Online Petitions A Power for the Anonymous Masses?

Online petitions: More than “clicktivism”?
Online petitions: More than “clicktivism”? | © asrawolf - Fotolia.com

Expressing a political opinion with just one click of the mouse – online petitions are very trendy at the moment. Providers are ten a penny and more and more people are making use of their services. Not everybody, however, is so confident about the success of “clicktivism” or mouse-click activism.

A somewhat one-sided television report about hunting was screened on ZDF, one of Germany’s major public service TV stations – one-sidedly negative. Max Götzfried, a lawyer and hunter, found the whole thing unfair. He had expected a more respectable form of journalism from a public service broadcaster of this calibre. So what was he to do? In the past he would have sent a letter of complaint to the viewers comments department at ZDF. Maybe a few other friends of the hunt would have got their act together and also written a letter. It would probably not have been that many. Götzfried, however, decided to adopt a different approach – he posted his letter of complaint openly on the Internet – and launched an online petition.

Six weeks later he had collected 72,000 signatures. Making the most out of the support from tens of thousands of his hunting colleagues, he submitted the complaint to the German Broadcasting Council. And lo and behold – the council, which is responsible for assessing the reporting on public service stations in Germany, provided ZDF with a few “pieces of advice”. This is a major breakthrough for the protesters.

New opportunities for smaller initiatives

Online petitions are very popular – even if it is not only about misleading reporting on TV, but more about people’s dissatisfaction with political decisions and initiatives. On open platforms like openPetition.de, Avaaz.org or change.org users have the possibility to write about what they are annoyed about and to collect signatures for their cause. “Today they can achieve a much greater rate of dissemination for their concern with considerably less cost, effort and manpower,” says Anita Breuer, political scientist at the German Development Institute. “It has become so much cheaper these days to disseminate information, in particular, due to the sharing options provided by the social networks like Facebook and Twitter, etc. This also enables the voices of smaller NGOs and initiatives to be heard and their cause to be noticed.”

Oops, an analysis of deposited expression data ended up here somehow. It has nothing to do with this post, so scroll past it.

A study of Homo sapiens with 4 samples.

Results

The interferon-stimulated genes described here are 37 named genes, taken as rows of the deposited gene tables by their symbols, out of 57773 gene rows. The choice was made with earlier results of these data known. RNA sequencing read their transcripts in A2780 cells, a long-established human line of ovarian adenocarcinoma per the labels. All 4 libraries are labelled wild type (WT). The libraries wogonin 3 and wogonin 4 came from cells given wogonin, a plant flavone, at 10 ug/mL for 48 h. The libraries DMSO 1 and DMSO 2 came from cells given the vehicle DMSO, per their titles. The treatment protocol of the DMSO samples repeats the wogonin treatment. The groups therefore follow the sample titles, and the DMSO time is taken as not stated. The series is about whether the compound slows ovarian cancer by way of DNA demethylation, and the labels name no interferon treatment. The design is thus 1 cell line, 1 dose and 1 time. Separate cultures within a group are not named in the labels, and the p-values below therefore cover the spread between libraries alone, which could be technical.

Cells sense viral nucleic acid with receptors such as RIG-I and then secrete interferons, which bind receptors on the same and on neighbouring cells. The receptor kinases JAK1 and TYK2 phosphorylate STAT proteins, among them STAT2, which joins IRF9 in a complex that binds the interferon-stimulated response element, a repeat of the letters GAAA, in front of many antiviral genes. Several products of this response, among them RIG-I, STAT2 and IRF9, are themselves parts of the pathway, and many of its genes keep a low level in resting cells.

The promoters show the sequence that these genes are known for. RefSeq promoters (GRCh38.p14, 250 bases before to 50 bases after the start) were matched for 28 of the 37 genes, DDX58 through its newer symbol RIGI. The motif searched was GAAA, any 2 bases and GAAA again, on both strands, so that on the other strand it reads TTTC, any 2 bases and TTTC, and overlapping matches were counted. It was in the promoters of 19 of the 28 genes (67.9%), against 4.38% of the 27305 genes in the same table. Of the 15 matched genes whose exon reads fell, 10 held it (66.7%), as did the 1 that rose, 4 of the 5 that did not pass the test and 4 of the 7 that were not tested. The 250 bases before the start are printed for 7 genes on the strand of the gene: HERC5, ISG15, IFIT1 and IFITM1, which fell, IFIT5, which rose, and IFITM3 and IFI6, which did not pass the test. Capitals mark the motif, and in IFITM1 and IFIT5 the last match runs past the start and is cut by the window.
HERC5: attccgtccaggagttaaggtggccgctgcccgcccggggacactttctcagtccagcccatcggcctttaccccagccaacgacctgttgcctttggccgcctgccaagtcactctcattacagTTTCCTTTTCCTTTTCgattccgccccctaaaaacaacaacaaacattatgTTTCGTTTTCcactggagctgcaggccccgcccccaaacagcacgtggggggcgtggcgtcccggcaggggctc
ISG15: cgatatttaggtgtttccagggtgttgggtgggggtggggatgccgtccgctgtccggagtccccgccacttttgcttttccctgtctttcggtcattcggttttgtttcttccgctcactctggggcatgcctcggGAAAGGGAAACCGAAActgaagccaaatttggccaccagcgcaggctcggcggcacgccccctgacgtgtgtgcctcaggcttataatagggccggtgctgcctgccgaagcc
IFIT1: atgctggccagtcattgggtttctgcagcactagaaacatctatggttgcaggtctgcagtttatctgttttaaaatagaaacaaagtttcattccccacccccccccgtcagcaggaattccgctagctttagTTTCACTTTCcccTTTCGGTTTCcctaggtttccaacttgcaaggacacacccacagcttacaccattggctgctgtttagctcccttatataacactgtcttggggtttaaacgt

Whether these online petitions actually have any influence is for the moment doubtful. Only when enough people sign the petition and the media, for example, report about the petition and, in doing so, attract a certain amount of public attention – only then will the online petition, under certain circumstances, be heard. They can build up public pressure. Whether the addressee of the complaint, for example, a political decision-maker, then actually bows down to the will of the anonymous masses, is in most cases up to his own discretion. “Politics has always been impressed with big numbers,” says Jörg Haas from the Campact online portal. Nevertheless his organisation does not solely rely on the anonymous masses on the Internet.

Lending a face to the signatures

“Getting involved via mouse-click is just the first step. As soon as the signatories show their face, the whole thing becomes much more effective than an online petition without a face,” says Jörg Haas. That is why his organisation is trying to get the campaigns off the Internet and onto the streets by means, for example, of protest and participatory promotions. It is, however, not just this offline mobilisation that makes Campact different from other portals like Avaaz.org or change.org. It also stands out because Campact maintains a firm political stance on many issues, for example, its commitment to regenerative energies.

Stephan Bröchler, political scientist at the University of Darmstadt, said that fundamentally this was not a problem, “It is important that all platforms reveal their political positions.” This can, however, result in a portal not being open to all the users’ petition suggestions and in it allowing its editorial desk, rather than the users, to decide which campaigns it should launch. “For example, we would not launch a petition on the subject of peace in Gaza – the influence on this political process radiating from Germany is in this case much too slight,” says Jörg Haas from Campact.

Is this the end of people’s disenchantment with politics?

The online petition instrument has already arrived in the German parliament, the Bundestag. People can submit their grievance online at epetitionen.bundestag.de. “When comparing parliaments on an international level this actually puts Germany in the top group,” says political scientist, Stephan Bröchler. On the other hand, he assesses the civil-society sector of online petitioning and campaigning in a different way, “Here there is a definite need to catch up. In Germany many people are only now beginning to discover the new instrument.”

This is also confirmed by the current reports from the various providers. All portals report growing user figures. According to them, more and more people are getting involved online, either for or against a cause. Is this the end of people’s disenchantment with politics? “Surveys have shown that those people who get involved politically on the Internet are the people who were already interested in politics anyway and who were already involved. These people simply use the Net as an additional instrument,” says political scientist, Anita Breuer. “The hope that Web 2.0 would also motivate people who previously had not been interested in politics and had been apathetic has so far clearly been in vain.”